A True Hyderabadi

A true Hyderabadi Vijay Marur, an ad professional, theatre artist and a food critic, shares his favourite places, his memories and his passion for the city with Swati Sharma

Published: 26th October 2015 05:35 AM  |   Last Updated: 26th October 2015 05:35 AM   |  A+A-

There are only two ways you can be a Hyderabadi. Either you are born one or you grow into one. I am as Hyderabadi as you can get without being born one.

Hyderabadi.JPGEverything from my adolescence, my schooling, my coming of age, my relationships, my discovery of my skills and talent, even my exploration of myself have strong Hyderabadi roots. Sure I have lived around the country and travelled around the world but Hyderabad has always been home.

What makes it so? Its warmth. Its people. It was the most welcoming habitat in the past. That is its unique feature even now. And I am convinced that this aspect of the city and its people is destined to be its signature.

Where else can you see the kind of cosmopolitan profile that takes on Hyderabadi shades effortlessly and with a special charm? Dilli walle become ‘dil’ walle in a jiffy. Bangali Babus become Hyderabadi ‘cheleys’ without hesitation. Even the traditional ‘rasam’ eating Tam Brahm converts to ‘saalan’.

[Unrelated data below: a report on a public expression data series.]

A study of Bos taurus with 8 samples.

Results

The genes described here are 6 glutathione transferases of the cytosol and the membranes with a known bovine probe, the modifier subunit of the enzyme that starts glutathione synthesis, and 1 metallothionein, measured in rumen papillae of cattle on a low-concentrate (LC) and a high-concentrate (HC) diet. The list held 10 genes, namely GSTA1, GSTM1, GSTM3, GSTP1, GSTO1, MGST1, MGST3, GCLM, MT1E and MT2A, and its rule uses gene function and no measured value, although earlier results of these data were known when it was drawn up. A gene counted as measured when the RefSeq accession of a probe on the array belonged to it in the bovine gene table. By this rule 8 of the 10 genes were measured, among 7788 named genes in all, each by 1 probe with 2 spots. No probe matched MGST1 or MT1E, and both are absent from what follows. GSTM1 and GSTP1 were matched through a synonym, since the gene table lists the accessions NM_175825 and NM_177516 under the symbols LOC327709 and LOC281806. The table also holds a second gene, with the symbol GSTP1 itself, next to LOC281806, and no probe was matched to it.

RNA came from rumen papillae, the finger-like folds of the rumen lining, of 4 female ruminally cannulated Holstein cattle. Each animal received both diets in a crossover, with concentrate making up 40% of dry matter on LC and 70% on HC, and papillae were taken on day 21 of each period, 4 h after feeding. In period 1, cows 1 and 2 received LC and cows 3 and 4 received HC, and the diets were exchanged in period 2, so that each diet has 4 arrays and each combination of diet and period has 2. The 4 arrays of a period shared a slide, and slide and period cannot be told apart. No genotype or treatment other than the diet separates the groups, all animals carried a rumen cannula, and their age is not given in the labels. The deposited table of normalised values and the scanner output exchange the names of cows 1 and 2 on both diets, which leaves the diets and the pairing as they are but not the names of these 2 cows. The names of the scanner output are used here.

But what infused the true Hyderabadi into me was not so much my Grammar School and Hyderabad Public School education but the magic of Tehran Cafe, Olympia, Zam Zam, Bombay Bakery that nurtured in me the chai biskoot culture of Hyderabad. Shehran in the old city and Bade Miya on Tank Bund introduced me to kebabs. Of course Shaadab and Niagra played havoc with my taste buds.

What I loved was that Hyderabad also gave me South Indian options like Taj Mahal, Kamat, Gayatri Bhavan, Minerva and so on. And made us fall in love with a Havmor as easily as it did with a Nanking.

Today the names of the restaurants have changed, but the spirit remains. At least I frequent only places that can talk of old world charm and hospitality in the same breath.

Another thing endearing about Hyderabad is its perception of time. I call it the Hyderabadi ‘ichch’. Abhi (now) becomes Abhichch and a whole new sense of urgency is discovered. Parson becomes Parsonichch and you know that this is a language that favours the use of words with attitude and savoir faire. But then the Hyderabadi lingo is world famous. And speaking it is cathartic at times. Nothing like a burst of choice Hyderabadi gaalis to defuse a steamy situation. And lastly, even if it has a vain kind of feeling... my relationship with Hyderabad has been cemented solidly because for nearly 35 years I have been the voice of Hyderabad for the whole world.

For tourism, I invited visitors to come and explore my city. For the Government I pitched Hyderabad as a brilliant opportunity. For many real estate companies, it is my voice that brought in the customers. For many companies that approached the public for funds, it was my voice that spelt out the irresistible invitation.My children always tease me, saying that they are more Hyderabadi than I am...because they were both born here. But I only laugh it off.

The Hyderabadi blood that they are so proud of is mine.